Tezuka Osamu goes moe

I have nothing but love for Tezuka Osamu. Hell, I traveled across Japan just to visit the museum dedicated to him. But I never thought I would see the day when this pioneer of manga and anime would break in the moe community. Well, I thought wrong. Enter “Osamu Moet Moso,” an exhibition being held at the Tokyo Anime Center in Akihabara from September 18 to October 11. The concept? “Fantasize with Tezuka Osamu.” And what a line up of artists responded to the call!

Pop (“Moetan”):




I consulted an expert on moe, Honda Toru, famous for advocating that men marry characters from anime, manga and games and cast off the oppressive system of dating women.

“I think we can blame Tezuka Osamu for moe culture. Tezuka started making story manga after World War II, and it was a cheap, accessible outlet that spread quickly and continues to this day. The stories were interesting and the characters were extremely cute, and this tendency continued. For kids of all backgrounds, manga and anime are a part of growing up. Tezuka drew characters that appeared to be children, and they were small and cute. Even when Tezuka drew adults that look small and cute. If you compare these drawing to American comic books or Disney animation, you notice that even when the age setting is supposed to be the same, Japanese characters look much younger and more innocent. They also are more sexually appealing. This became a convention. People grow up with that and develop desires through that image. You get used to seeing cute characters. Many people learn to draw them.”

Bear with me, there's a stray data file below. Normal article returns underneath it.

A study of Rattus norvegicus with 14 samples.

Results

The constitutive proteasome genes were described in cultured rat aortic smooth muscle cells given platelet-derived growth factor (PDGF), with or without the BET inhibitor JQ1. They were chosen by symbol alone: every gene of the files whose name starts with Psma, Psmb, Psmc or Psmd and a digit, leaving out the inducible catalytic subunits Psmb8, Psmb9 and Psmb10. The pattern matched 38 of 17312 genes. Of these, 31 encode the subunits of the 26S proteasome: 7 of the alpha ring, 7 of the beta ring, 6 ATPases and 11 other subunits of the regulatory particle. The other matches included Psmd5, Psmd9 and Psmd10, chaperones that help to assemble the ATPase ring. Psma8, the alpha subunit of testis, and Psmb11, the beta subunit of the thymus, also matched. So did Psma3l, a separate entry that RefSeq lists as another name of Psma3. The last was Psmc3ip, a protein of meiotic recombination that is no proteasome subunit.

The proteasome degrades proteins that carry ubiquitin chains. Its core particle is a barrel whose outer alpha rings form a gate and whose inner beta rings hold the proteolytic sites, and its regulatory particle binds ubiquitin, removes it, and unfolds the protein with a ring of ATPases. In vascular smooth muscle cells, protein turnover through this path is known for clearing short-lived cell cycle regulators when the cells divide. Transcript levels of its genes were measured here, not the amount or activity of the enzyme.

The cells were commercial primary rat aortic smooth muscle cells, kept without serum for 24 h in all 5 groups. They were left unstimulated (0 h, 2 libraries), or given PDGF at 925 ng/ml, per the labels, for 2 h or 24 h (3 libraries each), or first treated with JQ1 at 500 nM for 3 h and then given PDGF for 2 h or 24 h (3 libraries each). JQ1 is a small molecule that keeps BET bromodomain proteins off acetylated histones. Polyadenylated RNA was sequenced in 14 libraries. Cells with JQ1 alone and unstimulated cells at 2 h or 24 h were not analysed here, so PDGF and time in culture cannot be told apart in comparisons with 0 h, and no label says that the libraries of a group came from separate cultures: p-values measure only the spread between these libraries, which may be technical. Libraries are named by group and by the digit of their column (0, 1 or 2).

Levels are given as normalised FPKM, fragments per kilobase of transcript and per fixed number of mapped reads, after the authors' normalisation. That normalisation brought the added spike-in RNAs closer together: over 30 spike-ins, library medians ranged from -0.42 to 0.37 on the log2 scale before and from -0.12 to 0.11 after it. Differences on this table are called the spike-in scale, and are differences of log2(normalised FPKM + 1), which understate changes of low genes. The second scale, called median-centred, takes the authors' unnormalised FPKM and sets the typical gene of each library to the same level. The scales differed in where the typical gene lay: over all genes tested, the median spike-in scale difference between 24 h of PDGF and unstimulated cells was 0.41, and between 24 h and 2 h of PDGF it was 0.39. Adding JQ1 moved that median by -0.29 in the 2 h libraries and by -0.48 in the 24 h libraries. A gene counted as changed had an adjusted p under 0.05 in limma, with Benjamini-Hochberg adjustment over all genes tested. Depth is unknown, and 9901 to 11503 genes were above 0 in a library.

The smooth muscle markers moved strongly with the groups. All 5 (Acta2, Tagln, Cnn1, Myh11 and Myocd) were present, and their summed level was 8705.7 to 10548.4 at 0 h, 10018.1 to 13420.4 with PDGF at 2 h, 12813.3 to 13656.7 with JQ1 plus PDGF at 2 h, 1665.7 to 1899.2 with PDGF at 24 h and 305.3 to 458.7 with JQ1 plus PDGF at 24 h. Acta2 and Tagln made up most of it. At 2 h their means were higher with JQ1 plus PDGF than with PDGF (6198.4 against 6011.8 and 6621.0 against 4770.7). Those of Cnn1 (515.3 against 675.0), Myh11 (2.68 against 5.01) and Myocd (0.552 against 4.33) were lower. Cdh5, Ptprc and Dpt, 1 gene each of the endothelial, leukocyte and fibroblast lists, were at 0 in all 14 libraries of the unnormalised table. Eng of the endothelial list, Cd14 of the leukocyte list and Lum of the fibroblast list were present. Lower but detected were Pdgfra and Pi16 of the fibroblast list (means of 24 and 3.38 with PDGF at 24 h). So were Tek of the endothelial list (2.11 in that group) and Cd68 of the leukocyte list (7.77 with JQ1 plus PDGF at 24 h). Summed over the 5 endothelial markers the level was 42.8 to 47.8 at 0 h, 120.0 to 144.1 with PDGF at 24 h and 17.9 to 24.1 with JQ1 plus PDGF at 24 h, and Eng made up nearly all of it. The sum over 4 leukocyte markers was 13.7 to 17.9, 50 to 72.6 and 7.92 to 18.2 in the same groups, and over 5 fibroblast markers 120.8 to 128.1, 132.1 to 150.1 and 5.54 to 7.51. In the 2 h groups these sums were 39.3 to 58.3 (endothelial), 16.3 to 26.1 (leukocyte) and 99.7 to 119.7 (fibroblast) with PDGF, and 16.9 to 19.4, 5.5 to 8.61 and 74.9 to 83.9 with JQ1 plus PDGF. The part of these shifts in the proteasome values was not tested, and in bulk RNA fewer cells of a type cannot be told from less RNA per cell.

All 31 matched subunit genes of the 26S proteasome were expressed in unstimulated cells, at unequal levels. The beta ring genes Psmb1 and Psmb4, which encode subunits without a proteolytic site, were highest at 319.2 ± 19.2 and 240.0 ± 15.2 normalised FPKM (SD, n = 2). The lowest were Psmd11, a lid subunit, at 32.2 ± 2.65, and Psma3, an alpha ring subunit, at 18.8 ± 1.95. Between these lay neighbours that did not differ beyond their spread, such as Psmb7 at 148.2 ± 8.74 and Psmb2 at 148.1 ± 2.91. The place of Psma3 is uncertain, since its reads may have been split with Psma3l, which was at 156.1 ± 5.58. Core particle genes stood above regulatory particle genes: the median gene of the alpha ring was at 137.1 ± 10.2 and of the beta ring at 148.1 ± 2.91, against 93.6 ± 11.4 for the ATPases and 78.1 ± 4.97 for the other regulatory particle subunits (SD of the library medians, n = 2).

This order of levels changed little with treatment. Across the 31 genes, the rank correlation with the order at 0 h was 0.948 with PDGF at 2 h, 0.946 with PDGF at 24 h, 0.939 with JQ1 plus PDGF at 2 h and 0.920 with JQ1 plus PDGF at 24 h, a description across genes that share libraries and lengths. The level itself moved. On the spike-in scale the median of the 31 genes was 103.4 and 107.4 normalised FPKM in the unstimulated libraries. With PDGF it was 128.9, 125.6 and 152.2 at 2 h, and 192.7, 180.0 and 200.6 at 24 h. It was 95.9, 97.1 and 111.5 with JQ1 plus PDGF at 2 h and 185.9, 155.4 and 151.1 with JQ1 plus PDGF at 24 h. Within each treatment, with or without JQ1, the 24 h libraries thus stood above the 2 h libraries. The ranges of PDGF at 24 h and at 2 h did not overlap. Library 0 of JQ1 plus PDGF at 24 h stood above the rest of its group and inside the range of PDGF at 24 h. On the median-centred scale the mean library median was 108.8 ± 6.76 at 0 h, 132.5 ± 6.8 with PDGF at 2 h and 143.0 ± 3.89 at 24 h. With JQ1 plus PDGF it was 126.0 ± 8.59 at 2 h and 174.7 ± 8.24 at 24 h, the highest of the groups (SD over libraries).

OK, so Tezuka got the ball rolling on the medium, but aren’t moe characters a fundamentally different breed than those in story manga?

With moe characters, “there is a focus on jingai [inhuman], such as animals, robots, aliens, angels and so on. This marks the character as not a normal human and not part of reality. They are ideal and pure. I personally think this comes from Tezuka, for example the story in ‘Phoenix’ where a man falls in love with a robot that looks like a beautiful girl. In the story, the protagonist’s brain processes robots to appear beautiful and humans ugly. I think that was an expression of Tezuka’s own view of the world.”

Honda adds that stock themes like gender bending also go back to Tezuka works like “Princess Knight,” and the heroine Sapphire has both male and female characteristics.

Ito Go, who suggests in his provocative book “Tezuka is Dead” that criticism focused on story manga is outdated, agrees that Tezuka manga is moe.

“The most moe of all Tezuka’s manga were released during the early to mid- 1960s, which originates in his power of circular lines. Moe is the discovery of the pleasure of these circular lines, which would not happen again until the 1990s. There were people in between, however. Azuma Hideo…is the person who exposed the erotic aspects of Tezuka’s drawings. Takahashi Rumiko and Fukuyama Keiko were also influential in their round lines and soft characters. There are a type of picture called ‘puni-e,’ which capture the feeling of squishy flesh, and it is the style that came out of the latent moe in Tezuka’s round lines. Once Natsume Fusanosuke [the famous manga critic] said that he does not understand moe, but he could connect it through the eroticism of lines in Tezuka’s works.”

There you have it. Over two decades after his death, Tezuka still is on the cutting edge. He tried his hand at virtually every genre, and were Tezuka alive he may well be working in moe.

Editor’s note: Helen McCarthy also traces the origins of moe to Tezuka. Check out her blog.